Sometimes they say: ‘we don’t leave our people behind.’ This was a real life case.
During the coordinated effort from the Russian government, a large part of the evacuation work was done by Russian diplomats, based on the ground. In Nepal, for instance, they set up a tent camp for stranded and financially challenged tourists, providing for them from their own pockets, Lavrov said.
“I was not even surprised. I knew that for the most part our guys are very kind – and many missions got creative in this situation,” he said.
“In addition to people who just went abroad to spend their holidays, there is another large group of Russian citizens who were studying abroad, receiving long-term treatment, or in permanent residence,” Lavrov said.Counting the number of people in need of help proved to be very tricky – it was easy to find organized groups of tourists, but individuals who went abroad on their own and often without a return ticket were significantly harder to locate. Moreover, the coronavirus crisis triggered a mass-return of Russian citizens resident in foreign countries.
All of a sudden they’ve decided that their living conditions in the US, in New York, for instance, greatly ‘deteriorated’ over the course of the pandemic.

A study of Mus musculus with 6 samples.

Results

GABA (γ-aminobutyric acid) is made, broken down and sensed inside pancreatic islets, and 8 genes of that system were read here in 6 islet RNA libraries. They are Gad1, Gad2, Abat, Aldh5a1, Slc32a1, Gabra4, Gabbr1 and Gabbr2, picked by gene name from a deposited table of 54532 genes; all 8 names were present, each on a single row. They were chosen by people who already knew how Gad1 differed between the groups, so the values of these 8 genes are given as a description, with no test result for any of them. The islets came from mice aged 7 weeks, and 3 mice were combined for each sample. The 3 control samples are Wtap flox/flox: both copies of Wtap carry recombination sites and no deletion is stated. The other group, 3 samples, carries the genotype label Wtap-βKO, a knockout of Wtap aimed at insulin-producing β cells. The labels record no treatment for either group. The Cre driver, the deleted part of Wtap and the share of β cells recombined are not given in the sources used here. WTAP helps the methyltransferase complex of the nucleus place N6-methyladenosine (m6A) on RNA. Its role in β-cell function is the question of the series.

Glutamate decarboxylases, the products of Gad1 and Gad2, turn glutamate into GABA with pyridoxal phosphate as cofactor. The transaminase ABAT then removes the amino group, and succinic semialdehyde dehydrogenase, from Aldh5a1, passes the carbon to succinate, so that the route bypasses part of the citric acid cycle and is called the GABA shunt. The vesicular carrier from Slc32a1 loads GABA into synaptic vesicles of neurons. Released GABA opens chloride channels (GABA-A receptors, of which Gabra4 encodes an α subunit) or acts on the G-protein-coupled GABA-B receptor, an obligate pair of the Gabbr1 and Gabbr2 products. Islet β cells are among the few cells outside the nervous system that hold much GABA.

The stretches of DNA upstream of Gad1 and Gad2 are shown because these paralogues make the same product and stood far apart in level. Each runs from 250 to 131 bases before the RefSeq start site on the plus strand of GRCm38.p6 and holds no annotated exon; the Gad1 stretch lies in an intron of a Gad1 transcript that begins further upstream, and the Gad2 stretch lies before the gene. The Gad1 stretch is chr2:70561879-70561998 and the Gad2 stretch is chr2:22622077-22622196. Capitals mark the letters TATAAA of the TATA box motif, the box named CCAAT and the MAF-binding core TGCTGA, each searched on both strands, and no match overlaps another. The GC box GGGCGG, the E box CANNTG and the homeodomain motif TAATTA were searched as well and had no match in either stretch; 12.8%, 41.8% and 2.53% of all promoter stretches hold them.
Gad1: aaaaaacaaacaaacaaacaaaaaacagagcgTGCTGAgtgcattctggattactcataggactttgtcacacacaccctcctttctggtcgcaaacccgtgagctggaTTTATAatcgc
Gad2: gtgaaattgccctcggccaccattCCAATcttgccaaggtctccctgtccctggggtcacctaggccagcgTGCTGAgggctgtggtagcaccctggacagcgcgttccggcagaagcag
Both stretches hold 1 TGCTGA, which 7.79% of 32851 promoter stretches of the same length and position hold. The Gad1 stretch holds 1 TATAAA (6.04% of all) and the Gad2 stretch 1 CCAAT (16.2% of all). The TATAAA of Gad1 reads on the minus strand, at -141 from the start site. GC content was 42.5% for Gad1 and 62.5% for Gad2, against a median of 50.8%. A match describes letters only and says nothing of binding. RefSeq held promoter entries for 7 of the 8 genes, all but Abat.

A lot of people were in need of help, and the lists of people to be evacuated have been huge, the Foreign Minister said. At the beginning of the mass evacuation operation, Russia’s authorities limited the number of returning people to 500 per day for the Moscow region and to 200 per day for the rest of the country.
“As I said, it was particularly messy with those who were long gone and residing permanently elsewhere who suddenly decided to return. And so they began to fill up these lists. We evacuate, say, five thousand, and then the lists grow by another 10 thousand.”
Despite the efforts, thousands of Russians still remain abroad, mainly in exotic locations very hard-to-reach for Russian aviation. Some people, however, refused assistance and just decided to stay put and wait out the pandemic.